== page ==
When Juneau's Ron Nielsen went to Fairbanks this past weekend, it wasn't just for the Alaska state bowling tournament.
Nielsen was inducted into the Alaska State Bowling Association's Hall of Fame during a ceremony on Saturday, then he bowled on the Hall of Fame team later that night during the state tournament at Arctic Bowl.
"I'd kind of heard I'd been nominated," Nielsen said of the process that took two years. "It was a pleasant surprise. They came back last year and I heard I made the vote."
In March 1999, Juneau bowlers Wayne Stauffer, Jay Sims and Mike Chitty put together a five-page petition signed by 129 bowlers nominating Nielsen for the state's hall of fame. Only one problem, by the time it was submitted, it was too late for the 2000 induction class. So the petition was delayed a year and in 2000 the state bowling association voted Nielsen into the hall of fame for 2001.
Nielsen, 53, was inducted into the hall on Saturday with Rick Winther of Fairbanks, who grew up in Juneau but has lived in Fairbanks for a couple of decades. Nielsen, who also grew up in Juneau, and he and Winther played together in a high school league when they were younger.
"We're the same age," Nielsen said.
Nielsen said he's been bowling for 41 years, since he joined the high school league.
"It's been 40-some-odd years ago, how do I remember why I started," Nielsen said. "My dad bowled at the Elks Club back in the 50s. After 40 years it's become part of my life, I guess. I have a lot of friends I bowl with. I like the competition with my friends, and my brother (Ed of Mount Vernon, Wash.) when he was up here."
Nielsen is just the fourth bowler from Juneau to be inducted into the state's hall of fame, joining Marvin Fenster, Jack Bodine and Jim Burgess.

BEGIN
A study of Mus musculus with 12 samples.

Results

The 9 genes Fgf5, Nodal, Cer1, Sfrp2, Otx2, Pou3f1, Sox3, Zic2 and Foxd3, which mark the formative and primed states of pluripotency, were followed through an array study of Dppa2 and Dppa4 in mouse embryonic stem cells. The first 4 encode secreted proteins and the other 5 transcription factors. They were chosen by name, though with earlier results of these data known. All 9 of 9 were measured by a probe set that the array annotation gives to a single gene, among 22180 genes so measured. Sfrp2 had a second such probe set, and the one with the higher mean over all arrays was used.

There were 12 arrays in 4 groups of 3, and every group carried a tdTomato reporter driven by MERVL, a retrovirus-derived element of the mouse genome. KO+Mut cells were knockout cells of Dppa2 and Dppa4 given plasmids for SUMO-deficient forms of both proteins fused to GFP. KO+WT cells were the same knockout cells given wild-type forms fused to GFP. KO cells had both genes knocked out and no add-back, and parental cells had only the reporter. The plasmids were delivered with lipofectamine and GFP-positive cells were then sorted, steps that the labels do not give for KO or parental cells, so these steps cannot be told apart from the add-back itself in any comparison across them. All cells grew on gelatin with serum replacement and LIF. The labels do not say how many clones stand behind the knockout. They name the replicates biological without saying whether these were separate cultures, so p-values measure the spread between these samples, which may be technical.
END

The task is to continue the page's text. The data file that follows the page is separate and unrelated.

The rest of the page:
In their petition, Stauffer, Sims and Chitty listed several reasons why Nielsen should be in the hall. Among the highlights were a second-place finish in the state tournament singles competition in 1988 (Nielsen said he actually had the best scratch score, but it's a handicap tourney); was a member of the first-place team in the Fairbanks Open in 1990; has attended 27 consecutive state tournaments; was a member of five city tournament championship teams; plus he won the city tournament's singles, doubles and all-events competitions twice each back in the 1980s.
In 1975, Nielsen rolled 300-game, which Nielsen said was one of his fondest bowling memories.
"My stomach was in a knot," Nielsen said about reaching the last couple of frames. "I just had to remember to push away."
Nielsen has also spent several years involved in the state's association, serving as the Southeast director for eight years and two years as the local association's president. He's been involved in youth bowling, and was inducted into the Gastineau Channel Hall of Fame in 1994. He bought an interest in Juneau's Channel Bowl in 1989, which he held until last month when the bowling alley was sold to Dutch and Teresa Knight. He still works at the bowling alley.
"The biggest change I've seen in the last 10 years has been the equipment," Nielsen said. "As far as the equipment goes, they've gone high-tech. People who were averaging 190 15 years ago, are able to bowl 210 now."
Charles Bingham can be reached at email@example.com.